It definitely left a feeling that this was personal. —Sen. Mike Lee spokesman Brian Phillips
WASHINGTON — Sen. Mike Lee is taking issue with how the new HBO series "The Newsroom" portrayed him on a recent episode.
The fictional program, created by Academy Award-winning screenwriter Aaron Sorkin, is about the remaking of a cable news show after its down-the-middle cable anchor goes on a tirade about how America is no longer the greatest country in the world.
The show combines fact and fiction, and apparently more of the latter as far as Lee was concerned.
"It definitely left a feeling that this was personal," said Lee spokesman Brian Phillips.
In Sunday's episode, anchor Will McAvoy (played by Jeff Daniels) goes after several well-known tea party figures, including Lee and his 2010 race against former Sen. Bob Bennett.
"Bob Bennett, the most conservative member of the Senate, is going to lose his primary race to a guy named Mike Lee, because Lee found room to the right of Bennett," McAvoy says.
"You wouldn’t think that was possible," says the news division chief, Charlie Skinner, (played by Sam Waterston). "How is there room to the right of Bob Bennett?"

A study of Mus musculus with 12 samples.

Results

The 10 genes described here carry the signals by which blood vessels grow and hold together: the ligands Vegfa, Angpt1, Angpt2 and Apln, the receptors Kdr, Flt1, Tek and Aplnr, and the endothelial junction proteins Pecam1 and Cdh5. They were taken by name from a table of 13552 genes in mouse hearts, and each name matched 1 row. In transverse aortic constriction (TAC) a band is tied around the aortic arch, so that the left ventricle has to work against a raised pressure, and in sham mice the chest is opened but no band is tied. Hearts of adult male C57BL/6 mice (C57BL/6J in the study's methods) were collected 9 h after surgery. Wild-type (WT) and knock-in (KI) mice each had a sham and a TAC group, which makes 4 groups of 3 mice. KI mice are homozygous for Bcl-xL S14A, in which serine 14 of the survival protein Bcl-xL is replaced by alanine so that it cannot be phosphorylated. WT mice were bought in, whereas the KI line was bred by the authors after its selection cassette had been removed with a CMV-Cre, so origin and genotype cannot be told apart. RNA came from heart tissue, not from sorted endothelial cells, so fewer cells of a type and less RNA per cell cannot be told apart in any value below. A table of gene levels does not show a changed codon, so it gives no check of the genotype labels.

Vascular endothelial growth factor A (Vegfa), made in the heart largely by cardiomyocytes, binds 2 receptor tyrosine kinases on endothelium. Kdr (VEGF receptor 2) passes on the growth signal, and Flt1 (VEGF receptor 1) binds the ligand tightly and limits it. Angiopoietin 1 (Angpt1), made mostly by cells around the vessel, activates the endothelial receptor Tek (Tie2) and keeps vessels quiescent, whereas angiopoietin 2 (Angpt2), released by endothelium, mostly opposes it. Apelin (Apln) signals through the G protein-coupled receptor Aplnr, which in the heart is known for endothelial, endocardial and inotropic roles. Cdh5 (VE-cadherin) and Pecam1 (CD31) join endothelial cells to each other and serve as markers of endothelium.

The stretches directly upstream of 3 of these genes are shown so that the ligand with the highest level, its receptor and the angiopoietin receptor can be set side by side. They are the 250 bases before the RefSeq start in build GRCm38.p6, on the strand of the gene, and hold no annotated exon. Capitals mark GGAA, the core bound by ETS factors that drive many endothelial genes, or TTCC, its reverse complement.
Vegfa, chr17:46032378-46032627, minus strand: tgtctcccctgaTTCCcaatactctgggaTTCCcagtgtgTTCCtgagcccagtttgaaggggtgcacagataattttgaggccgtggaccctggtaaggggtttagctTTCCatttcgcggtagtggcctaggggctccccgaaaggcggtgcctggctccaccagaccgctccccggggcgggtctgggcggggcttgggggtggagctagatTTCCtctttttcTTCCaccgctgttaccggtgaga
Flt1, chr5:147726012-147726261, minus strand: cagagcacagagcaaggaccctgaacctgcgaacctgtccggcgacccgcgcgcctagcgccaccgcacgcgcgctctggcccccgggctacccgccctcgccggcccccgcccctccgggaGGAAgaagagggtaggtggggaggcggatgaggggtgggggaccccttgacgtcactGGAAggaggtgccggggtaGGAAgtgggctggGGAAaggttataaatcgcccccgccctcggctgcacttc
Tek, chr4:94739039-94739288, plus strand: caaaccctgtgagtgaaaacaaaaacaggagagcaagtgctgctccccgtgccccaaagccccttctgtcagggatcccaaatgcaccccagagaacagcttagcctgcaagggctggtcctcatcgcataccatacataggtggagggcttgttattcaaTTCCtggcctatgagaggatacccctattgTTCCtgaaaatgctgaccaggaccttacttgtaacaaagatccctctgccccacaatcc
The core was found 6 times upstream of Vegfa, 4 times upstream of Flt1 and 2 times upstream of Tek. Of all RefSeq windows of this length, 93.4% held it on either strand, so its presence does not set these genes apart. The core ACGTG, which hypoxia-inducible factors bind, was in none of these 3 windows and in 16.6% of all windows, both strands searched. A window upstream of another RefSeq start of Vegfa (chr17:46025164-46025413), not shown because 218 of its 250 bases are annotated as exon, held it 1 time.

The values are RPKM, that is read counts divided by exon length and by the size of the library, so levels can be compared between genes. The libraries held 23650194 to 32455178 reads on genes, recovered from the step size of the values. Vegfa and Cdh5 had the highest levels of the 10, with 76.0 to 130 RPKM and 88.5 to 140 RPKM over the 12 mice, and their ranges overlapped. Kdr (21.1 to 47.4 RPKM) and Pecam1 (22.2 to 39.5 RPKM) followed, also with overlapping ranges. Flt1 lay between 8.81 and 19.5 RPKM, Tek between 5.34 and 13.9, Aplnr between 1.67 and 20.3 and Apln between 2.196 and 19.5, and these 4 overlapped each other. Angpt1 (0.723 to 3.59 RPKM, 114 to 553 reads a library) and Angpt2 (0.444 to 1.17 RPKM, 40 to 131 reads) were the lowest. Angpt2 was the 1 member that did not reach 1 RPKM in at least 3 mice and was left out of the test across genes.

"For starters," McAvoy replies, "the centerpiece of Mike Lee’s stump speech is repealing the 14th Amendment. It’s an applause line, and he’s going to win his primary by double digits."
Phillips said the Lee "never said any such thing" regarding the 14th Amendment, which includes clauses for citizenship, due process and equal protection. The senator, however, does support clarifying the provision that grants U.S. citizenship to babies born to illegal immigrants, he said. Lee campaigned against citizenship for so-called "anchor babies."
"That is far, far cry from advocating the repeal of the 14th Amendment," Phillips said.
The show also incorrectly states Lee and Bennett faced each other in a primary election. Bennett was eliminated at the state GOP convention, while Lee and Tim Bridgewater went to a primary runoff. Lee won and then defeated Democrat Sam Granato in the general election.
Lee called HBO co-president Richard Plepler to voice his displeasure and ask for a correction.
"This is an egregious error that has all kinds of offensive connotation and suggestion to it that the senator thinks they have an obligation to fix," Phillips said.
Phillips described the conversation with HBO as "cordial" and said Lee was told the show has fact checkers but this apparently slipped passed them.